Are You Good Enough?
For as long as I can remember there has been a silent cultural message that “if you’re good enough” God will accept you as his own and secure you a permanent place at his side in eternity. From Country and Western songs to Hallmark movie nights we are captured by the idea of a person realizing the error of their ways and making amends to a new status of a life well-lived. This trend has been exacerbated in recent years by a multitude of teachers and preachers in the church who are attempting to remodel Christ as a life coach who desires to lead man to his true potential. Turning from the old “you’re a sinner headed for judgment” model of reaching the masses, the new sentiment is “get on the wagon with Jesus and become something wonderful.” I have to admit it has a nice ring. It’s the stuff that after school specials were made for; grabbing oneself by the bootstraps and initiating the full potential of the human spirit in order to overcome the strongholds of one’s past. Such stories are inspiring, entertaining and motivating. After all, who among us could throw a stone at someone filled with good works, kindness and sacrificial service to others? Indeed, these are the very characteristics that Jesus modeled and are the substance of the inner working of the Holy Spirit in the life of his chosen.
Such ideas represent the heart and soul of a moralistic gospel approach. The model is simple: “Work hard, do better and God will accept you.” And, the presumed merit of such good works is that they will somehow erase the stain of a former life that was decidedly “not good enough” in God’s eyes. But will they really?
Several years ago I saw a news story on television about a woman who was discovered just miles down the road from where I lived. The woman had been missing for many years. She was not missing in the sense that she was lost, but in the sense that she did not want to be found. This woman was an upstanding member of a nearby town. She worked hard, had built a respectable life and was highly regarded by everyone who knew her. She was active in her church and local schools and was known as a model citizen. Yet, she had lived many years under an assumed name for fear of her past. In fact, she had been convicted of horrible crimes at a younger age and had somehow escaped the custody of the state in order to assume a “new” life and identity as the person she wished she had been all along. She had truly changed her ways. Likened to the gospel of moralism, one might consider that she had erased her former sins by her current good life.
When this woman was discovered by authorities the television news became hyperactive about her story. Some argued that she had lived a good and respectable life in the time since her heinous crimes and should be allowed to continue her new-found “good life.” Others argued that this woman could not possibly have been guilty of the crimes that she had been convicted of, for she had proven her mettle publicly for so many years. But, at the end of all such sentiment there was one thing that stood resolutely in the way of her freedom: the law.
The issue this woman had was not her inability to do well by her community. Her issue was not that she was unfit to exist among the other humans in harmony. It was not that she lacked the potential to fit in, be nice, get along with others or that she had failed to do any sufficient good works as deemed proper by the community. Her issue was that she had resolutely broken the law in a major way and had been sentenced to punitive discipline by the law. It frankly did not matter how good of a life she had lived the past number of years or how many people she had helped. Her punishment was indifferent to her good works. This woman had been formerly convicted of murder. She owed a debt to society that could not be paid by simply “doing better from now on.”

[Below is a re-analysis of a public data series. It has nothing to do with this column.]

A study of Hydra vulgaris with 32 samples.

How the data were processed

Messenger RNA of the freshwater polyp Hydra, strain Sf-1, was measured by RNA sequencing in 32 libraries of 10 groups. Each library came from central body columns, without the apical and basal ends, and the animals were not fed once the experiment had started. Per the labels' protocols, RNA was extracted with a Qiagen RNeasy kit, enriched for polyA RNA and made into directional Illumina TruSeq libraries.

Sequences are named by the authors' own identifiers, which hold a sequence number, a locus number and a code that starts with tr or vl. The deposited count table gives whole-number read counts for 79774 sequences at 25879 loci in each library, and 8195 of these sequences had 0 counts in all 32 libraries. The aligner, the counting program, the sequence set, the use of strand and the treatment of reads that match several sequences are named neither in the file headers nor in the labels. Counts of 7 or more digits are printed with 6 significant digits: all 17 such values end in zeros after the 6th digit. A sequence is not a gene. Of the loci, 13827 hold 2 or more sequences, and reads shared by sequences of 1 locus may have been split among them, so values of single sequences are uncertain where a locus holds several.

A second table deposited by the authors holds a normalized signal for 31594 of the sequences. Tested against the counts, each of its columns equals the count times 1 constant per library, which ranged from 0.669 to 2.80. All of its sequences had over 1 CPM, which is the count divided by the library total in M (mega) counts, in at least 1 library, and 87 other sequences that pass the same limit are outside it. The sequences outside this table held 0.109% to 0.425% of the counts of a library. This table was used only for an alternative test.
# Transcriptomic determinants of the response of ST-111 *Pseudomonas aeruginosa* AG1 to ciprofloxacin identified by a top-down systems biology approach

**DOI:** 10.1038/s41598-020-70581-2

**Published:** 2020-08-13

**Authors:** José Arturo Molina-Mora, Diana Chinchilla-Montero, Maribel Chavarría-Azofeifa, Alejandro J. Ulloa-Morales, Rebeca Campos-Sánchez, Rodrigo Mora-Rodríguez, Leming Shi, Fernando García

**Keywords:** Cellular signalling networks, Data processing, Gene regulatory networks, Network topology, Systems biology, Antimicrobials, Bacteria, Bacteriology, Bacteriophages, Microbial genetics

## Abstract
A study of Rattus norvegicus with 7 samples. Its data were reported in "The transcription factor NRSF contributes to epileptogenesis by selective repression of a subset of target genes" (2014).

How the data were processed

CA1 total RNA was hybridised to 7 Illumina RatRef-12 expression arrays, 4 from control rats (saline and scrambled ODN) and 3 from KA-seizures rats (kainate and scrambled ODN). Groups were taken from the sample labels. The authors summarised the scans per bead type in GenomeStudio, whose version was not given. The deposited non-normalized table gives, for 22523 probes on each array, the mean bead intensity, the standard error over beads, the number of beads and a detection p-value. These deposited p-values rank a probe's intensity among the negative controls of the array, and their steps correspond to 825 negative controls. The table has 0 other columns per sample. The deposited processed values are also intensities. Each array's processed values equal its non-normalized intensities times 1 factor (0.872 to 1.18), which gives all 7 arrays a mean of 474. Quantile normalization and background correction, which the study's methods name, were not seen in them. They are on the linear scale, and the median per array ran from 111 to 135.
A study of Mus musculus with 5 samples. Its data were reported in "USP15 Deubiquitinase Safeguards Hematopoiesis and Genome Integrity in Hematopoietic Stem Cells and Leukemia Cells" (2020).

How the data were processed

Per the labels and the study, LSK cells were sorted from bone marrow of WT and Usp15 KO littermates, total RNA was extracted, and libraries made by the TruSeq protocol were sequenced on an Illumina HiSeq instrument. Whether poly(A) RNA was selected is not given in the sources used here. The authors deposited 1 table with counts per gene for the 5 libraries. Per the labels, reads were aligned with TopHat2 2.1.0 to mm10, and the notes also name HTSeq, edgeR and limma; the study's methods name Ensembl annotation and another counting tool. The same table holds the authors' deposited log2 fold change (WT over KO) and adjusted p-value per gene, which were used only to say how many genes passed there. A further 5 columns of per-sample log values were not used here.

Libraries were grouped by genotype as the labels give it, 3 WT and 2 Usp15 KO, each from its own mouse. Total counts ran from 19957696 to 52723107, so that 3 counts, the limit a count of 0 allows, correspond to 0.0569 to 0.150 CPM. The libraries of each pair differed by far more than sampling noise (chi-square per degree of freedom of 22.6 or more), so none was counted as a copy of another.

This story illustrates perfectly the issue of a moralistic gospel. The scripture says in Romans 3:23 that “all have sinned and fall short of the glory of God.” You’ll notice the accusation clearly: “all have sinned.” The problem man has with God is not that “you have not been good enough.” The issue is that “you have sinned.”
Sin is a specific crime with a prescribed penalty announced from the very beginning of time: “the day you eat of it you will surely die.” The penalty for sin is reaffirmed throughout the scriptures, being clearly shown again in Romans 6:23, “for the wages of sin is death, but the free gift of God is eternal life in Christ Jesus our Lord.” In short, our crime of sin is so substantial to God that we have been prescribed the death penalty for it. We can attempt to hide, rebrand our life and/or gain the sentimental approval of everyone around us, but we will never get away from the perfect law that condemns us as sinners. Our penalty will be paid– either by us or by a gracious intercessor.
Friends, the gospel message has never been that God loved you so much he sent Jesus to earth to show you how to live better. The gospel message is- and always has been- that God loved you so much he sent his innocent Son to earth to die for your sins and pay the sentence that you owe.
Because it is our sin – our offense of the law – that condemns us before God, there is simply no manner of good works that we can live up to that will ever save us. There is no statute of limitations on sin. It is a crime punishable by an eternal sentence that must – and will – be paid.
The good works performed by we who are in Christ are symptomatic of our salvation, but can never be the substance of it. Our issue before God is not a lack of good works. It is our offense of sin. For that reason alone, you will never be good enough. Rather, trust Christ’s provision of atonement on your behalf to save you from the wages of your sin and you will be transformed to the worthy and “good enough” creation you need to be.